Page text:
Adherence to a healthy lifestyle in mothers during their offspring’s childhood and adolescence is associated with a substantially reduced risk of obesity in their children, a recent study found. Researchers examined the association between an overall maternal health lifestyle (characterized by a healthy body mass index [BMI], high quality diet, regular exercise, no smoking, and light to moderate alcohol intake) and the risk of developing obesity in offspring in 24,289 participants from the Growing Up Today Study (GUTS) aged 9-14 years at baseline who were free of obesity and born to 16,945 women from the Nurses’ Health Study II (NHSII). They found:
- 1,285 (5.3%) offspring became obese during a median follow-up of 5 years.
- Risk of incident obesity was lower among offspring whose mothers maintained a healthy BMI of 18.5-24.9, engaged in at least 150 min/week of moderate/vigorous physical activities, and consumed alcohol in moderation, compared with the rest.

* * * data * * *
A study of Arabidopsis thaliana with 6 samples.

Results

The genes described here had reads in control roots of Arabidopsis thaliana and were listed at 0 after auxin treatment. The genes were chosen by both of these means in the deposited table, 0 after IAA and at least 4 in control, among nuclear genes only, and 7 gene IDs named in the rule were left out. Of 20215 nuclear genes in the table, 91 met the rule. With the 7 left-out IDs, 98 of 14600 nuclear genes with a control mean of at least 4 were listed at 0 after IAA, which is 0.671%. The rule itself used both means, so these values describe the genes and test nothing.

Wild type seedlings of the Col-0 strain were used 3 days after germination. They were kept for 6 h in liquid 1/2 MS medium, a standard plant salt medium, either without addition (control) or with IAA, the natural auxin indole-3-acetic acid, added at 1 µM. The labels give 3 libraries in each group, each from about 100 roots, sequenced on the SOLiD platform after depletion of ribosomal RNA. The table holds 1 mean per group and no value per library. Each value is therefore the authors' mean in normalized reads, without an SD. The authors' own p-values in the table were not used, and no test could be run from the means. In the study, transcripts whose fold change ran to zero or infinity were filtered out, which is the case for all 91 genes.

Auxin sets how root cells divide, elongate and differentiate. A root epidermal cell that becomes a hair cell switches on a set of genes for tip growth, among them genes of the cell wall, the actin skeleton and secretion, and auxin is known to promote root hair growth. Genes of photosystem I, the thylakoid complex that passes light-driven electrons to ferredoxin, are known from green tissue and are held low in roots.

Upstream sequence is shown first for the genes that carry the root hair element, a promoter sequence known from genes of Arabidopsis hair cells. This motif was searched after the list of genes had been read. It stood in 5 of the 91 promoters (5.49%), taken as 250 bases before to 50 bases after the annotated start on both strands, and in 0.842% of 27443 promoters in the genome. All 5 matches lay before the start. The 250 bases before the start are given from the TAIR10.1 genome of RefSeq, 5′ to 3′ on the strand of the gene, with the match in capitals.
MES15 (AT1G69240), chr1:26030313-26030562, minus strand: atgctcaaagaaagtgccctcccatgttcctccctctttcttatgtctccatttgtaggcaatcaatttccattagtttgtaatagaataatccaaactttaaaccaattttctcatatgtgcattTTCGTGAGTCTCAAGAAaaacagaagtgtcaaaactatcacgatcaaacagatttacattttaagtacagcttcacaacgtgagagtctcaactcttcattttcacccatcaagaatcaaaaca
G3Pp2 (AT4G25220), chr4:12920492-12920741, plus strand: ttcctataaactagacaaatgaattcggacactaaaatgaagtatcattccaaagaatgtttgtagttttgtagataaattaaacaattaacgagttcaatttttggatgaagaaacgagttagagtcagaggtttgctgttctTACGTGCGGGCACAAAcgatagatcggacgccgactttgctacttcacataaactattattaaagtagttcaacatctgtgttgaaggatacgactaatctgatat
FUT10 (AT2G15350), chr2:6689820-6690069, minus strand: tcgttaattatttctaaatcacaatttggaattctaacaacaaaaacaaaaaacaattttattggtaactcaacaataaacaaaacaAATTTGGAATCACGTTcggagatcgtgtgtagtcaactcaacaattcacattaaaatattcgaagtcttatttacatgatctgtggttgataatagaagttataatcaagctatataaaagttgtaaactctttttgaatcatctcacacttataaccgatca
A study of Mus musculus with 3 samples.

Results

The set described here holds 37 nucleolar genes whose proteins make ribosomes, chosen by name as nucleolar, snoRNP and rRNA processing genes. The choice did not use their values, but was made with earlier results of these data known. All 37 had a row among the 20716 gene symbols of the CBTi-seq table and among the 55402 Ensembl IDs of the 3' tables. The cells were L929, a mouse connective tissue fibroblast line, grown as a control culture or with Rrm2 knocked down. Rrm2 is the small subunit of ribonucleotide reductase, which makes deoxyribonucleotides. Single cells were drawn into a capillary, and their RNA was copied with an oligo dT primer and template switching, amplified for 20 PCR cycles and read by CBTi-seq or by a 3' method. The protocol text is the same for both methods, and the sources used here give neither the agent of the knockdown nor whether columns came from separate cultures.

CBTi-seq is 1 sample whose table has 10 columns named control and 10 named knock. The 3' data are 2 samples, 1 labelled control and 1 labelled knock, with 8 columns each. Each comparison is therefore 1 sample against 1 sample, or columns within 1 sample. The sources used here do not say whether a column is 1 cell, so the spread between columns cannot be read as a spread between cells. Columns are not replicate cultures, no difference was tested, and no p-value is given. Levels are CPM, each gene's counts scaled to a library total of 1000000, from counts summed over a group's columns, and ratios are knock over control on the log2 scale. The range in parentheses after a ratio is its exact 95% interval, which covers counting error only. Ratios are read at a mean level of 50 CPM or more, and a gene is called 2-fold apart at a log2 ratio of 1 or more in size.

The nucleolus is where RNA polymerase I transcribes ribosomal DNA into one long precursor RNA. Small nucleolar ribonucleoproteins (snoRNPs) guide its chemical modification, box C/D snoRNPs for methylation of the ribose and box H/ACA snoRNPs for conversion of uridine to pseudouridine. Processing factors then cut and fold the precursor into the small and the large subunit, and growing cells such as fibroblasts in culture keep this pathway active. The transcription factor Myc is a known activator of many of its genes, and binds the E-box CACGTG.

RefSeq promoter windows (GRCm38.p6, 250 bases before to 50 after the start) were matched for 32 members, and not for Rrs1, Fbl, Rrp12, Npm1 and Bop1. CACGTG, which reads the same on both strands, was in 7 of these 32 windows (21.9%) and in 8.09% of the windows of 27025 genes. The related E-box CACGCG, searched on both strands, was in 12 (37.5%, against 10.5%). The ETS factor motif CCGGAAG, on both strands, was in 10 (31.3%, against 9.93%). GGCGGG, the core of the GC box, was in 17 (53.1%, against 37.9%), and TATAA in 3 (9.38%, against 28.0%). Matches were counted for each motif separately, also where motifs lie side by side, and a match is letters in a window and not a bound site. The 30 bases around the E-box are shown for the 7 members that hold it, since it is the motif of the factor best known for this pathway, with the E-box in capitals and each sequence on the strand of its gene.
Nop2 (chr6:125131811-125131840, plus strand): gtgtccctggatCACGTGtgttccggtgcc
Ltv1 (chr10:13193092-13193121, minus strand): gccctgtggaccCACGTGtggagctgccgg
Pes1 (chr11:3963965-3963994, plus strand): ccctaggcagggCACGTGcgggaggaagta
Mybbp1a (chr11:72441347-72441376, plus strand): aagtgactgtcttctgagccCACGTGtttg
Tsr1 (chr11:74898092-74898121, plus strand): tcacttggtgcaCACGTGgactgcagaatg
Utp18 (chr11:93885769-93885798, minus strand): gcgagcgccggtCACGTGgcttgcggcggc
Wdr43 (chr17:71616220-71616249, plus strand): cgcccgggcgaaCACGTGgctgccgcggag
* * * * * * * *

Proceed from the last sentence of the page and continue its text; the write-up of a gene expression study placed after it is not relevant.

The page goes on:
- Offspring of women who adhered to all 5 low risk lifestyle factors had a 75% lower risk of obesity than offspring of mothers who did not adhere to any low risk factor.
- Children’s lifestyle did not significantly account for the association between maternal lifestyle and offspring obesity risk.
Dhana K, Haines J, Liu G, et al. Association between maternal adherence to healthy lifestyle practices and risk of obesity in offspring: Results from two prospective cohort studies of mother-child pairs in the United States. [Published online ahead of print July 4, 2018]. BMJ. doi:10.1136/bmj.k2486.